Trade War Fears, Market Sell-Off, and Fed Action Triggers Moves This Week

trade wars

Gold Market Discussion

Trade War Fears Spark Market Sell Off

Trade wars with ChinaIt was another dramatic week for the markets as the Dow fell over 700 points on Thursday due to trade war fears. In fact it was the worst week for stocks in over two years. President Trump announced the likelihood of tariffs on at least $50 billion worth of Chinese imports as well as tougher restrictions on acquisitions and technology transfers. The prospect of trade war between the world’s two largest economies rocked the global markets through Friday trading as well. Furthering the trade war fears, on Friday China proposed measures to slap $3 billion of U.S. imports with tariffs. China also threatened to stop buying U.S. treasuries on Friday.

These tariff threats between China and the U.S. are reminiscent of the trade war sparked in 1930 after the passage of the Smoot Hawley Tariff Act. The U.S.’s imposition of tariffs on imports prompted key trading partners to impose counter tariffs. Ultimately, the result was higher prices and economic slowdown, which exacerbated the Great Depression.

What this means for investors: The global stocks fear predictably sent investors to gold and other safe havens. Gold started the week just over $1,312, however on Thursday it shot up over $1,330 and nearly hit $1,350 in Friday trading. Silver closed around $16.55.

Federal Reserve Announcement on Rates Was Bullish for Gold

Federal Reserve BuildingIt wasn’t only trade war fears that lifted gold this week. Gold got a boost on Wednesday as well following a Federal Reserve announcement. Chairman Jerome Powell kept to the plan for three rate hikes this year. Furthermore, the dollar weakened as the Fed raised a key short term rate by a quarter point, and gold went up. A weaker dollar generally means higher gold.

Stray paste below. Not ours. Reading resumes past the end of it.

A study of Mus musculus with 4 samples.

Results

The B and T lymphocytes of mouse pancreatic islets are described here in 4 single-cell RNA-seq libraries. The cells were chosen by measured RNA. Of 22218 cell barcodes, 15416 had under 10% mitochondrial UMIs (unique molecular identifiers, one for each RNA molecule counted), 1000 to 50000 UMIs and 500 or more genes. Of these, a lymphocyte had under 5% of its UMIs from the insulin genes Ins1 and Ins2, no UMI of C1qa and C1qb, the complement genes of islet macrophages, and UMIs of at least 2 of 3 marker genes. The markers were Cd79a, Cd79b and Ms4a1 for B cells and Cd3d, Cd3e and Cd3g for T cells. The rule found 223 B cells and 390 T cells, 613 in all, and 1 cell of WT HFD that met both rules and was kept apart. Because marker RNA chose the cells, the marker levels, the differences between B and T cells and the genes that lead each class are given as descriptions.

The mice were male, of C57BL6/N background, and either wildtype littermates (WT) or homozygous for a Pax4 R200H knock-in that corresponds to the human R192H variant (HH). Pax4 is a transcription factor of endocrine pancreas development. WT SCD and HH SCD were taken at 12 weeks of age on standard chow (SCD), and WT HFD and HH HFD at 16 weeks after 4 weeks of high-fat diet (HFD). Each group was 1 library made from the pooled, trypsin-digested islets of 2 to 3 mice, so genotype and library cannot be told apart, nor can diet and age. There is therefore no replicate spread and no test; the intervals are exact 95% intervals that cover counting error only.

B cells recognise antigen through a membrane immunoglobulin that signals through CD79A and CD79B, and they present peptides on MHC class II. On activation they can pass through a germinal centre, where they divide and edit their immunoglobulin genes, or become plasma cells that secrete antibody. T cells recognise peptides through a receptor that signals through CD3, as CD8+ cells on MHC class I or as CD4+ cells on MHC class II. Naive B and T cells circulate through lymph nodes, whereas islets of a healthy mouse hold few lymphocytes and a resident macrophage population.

What this means for investors: One reason for gold going up is that the economy growth projections are slightly lower than what is expected. Inflation expectations are going to be key going forward as well. There is some growing worry that the recent tax cuts are leading to higher inflation without the expected economic growth. Rising rates often work against gold, but regardless, last year gold was up 13% for the year despite rising interest rates.

U.S. Debt Hit $21 Trillion This Week

Another important event this week was the $1.3 trillion omnibus spending bill signed by Trump on Friday. It is the second biggest spending bill in U.S. history, and the President signed it to the chagrin of many conservatives. The bill follows immediately in the wake of U.S. debt topping $21 trillion. One trillion of that was in the last six months. The passing of the spending bill avoided a government shut down, but is a huge step closer to an impending debt crisis.

What this means for investors: There is concern that the ramping up of spending – including higher defense and infrastructure spending – is going to happen without a solid plan to raise government revenue. This is all highly inflationary and bodes ill for the dollar. When fiat currencies devalue, gold’s intrinsic value increases significantly.

Gold Poised to Spring Out?

Trade war fears and inflation are just some of the reasons why gold looks poised to make significant gains this year. Even before gold hit a one month high this week, analysts were making the bullish case for gold. Last month the stock market had a steep correction and gold failed to rally as much as the gold bugs expected. This week the markets had a steeper correction with the combined inflation expectation and trade war fears and gold shot up. The dollar index is key to watch for gold right now. Check out what Vertical Research’s Michael Dudas sees for gold this year.

Gold ‘jitters’ to fade and prices will rise, metals expert predicts from CNBC.